You know that an academic life may not be the right one for you, but what do you do now?

For many people, myself included, the academic path has been a straightforward one that offered little opportunity to learn about the other career choices available in the world.  Even as I knew I wanted to leave bench science, at first I didn’t know where to look or where to go.  And when I did search for opportunities, I ended up searching for only things directly related to biology. (Which you don’t have to do!)

By chance, one of the first things that popped up from my search was, which at the time was hosting its first Virtual Job Summit for life scientists.  At first I hesitated:  Can an online event really land me a job?  Can I really learn anything from attending this that I can’t learn from reading online articles?  I looked at the list of employer booths, found a few to be interesting, then I signed up.

At the Job Summit I was offered a position.  More specifically I was offered a second round interview where I can visit the facilities.  Did I take it?  No.  It was a position in Korea and it was still bench science (although I was tempted by the free car and housing and impressive title).  But I certainly learned a lot from the experience.

  1. I learned how to prepare for interviews.  Before the job summit I did some online research on the companies that I was interested in (which you should do as well).  There were a few things I was interested in, but was not available anywhere online.  These were the questions I asked during the job summit, which made me stand out amongst the crowd.  Additionally, there’s stuff about how to dress and what not to say and stuff that I ended up learning about in preparation for the summit.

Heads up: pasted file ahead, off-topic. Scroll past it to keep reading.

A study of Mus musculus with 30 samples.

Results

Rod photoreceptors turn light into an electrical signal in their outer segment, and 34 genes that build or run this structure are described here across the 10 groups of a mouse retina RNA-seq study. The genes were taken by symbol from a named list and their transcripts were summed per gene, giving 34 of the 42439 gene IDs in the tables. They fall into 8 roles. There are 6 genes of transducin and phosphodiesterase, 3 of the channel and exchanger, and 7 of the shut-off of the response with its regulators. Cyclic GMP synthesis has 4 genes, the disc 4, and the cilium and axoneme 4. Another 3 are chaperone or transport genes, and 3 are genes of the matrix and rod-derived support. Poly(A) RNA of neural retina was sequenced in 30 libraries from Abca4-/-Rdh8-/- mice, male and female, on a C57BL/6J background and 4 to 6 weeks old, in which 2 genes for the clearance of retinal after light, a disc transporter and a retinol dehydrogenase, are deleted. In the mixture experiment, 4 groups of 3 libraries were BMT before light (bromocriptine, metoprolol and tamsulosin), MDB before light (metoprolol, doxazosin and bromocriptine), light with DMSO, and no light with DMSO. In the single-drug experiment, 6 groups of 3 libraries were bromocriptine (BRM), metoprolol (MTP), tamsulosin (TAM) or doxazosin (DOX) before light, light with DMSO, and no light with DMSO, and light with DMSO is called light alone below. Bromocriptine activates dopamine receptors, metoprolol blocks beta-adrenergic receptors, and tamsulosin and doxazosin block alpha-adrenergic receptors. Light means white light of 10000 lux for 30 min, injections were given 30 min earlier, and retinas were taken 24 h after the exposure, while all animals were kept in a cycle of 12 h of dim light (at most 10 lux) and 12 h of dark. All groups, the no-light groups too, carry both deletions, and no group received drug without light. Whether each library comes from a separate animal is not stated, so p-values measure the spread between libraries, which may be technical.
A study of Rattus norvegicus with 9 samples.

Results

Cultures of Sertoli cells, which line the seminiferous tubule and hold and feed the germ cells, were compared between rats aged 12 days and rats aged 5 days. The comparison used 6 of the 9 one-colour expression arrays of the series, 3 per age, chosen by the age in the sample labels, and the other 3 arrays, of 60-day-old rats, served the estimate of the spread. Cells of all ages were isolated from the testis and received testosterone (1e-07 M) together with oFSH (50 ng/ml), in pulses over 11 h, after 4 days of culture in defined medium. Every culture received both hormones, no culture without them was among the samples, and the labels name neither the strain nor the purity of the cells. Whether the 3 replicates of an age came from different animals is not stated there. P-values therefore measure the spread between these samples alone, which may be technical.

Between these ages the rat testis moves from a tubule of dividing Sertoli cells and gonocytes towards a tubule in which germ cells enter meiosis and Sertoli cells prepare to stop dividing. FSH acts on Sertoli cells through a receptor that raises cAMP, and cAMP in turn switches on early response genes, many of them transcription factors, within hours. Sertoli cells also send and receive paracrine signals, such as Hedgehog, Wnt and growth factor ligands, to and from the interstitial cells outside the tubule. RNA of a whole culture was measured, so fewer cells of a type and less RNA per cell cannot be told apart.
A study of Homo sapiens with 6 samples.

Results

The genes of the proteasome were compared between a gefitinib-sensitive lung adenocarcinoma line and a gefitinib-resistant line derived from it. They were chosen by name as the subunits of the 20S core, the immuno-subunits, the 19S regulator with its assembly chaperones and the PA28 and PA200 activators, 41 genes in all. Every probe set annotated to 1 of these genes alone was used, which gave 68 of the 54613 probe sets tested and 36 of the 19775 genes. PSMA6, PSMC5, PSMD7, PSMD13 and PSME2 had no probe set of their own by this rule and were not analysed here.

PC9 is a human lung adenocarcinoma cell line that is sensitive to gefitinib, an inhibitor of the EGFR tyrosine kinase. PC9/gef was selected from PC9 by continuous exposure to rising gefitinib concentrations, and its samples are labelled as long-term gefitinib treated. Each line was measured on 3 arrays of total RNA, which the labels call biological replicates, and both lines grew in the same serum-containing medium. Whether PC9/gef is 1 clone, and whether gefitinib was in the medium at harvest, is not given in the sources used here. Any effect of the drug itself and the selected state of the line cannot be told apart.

2. It was my first non-academic interview – having this experience under my belt strengthened my skills for future interviews.  I felt more comfortable at the job summit because it was online, then I felt more at ease at my next real life interview because I’ve already experienced something similar.
  3. I learned about the company.  I was able to connect with industry leaders by sharing the insights I gained on the company, and even a year later, I was able to apply my knowledge of the company in management consulting case studies.

If there’s only one thing you remember from this blog post, it should be this:  never turn down an opportunity if you can help it.  There’s always something to learn even if it doesn’t directly relate to what you are doing now, and it’s one of the best ways to connect with people.

This spring, I’ve again registered for the Virtual Job Summit (going on now).  Take hold of this great opportunity, you never know what you’ll get out of it!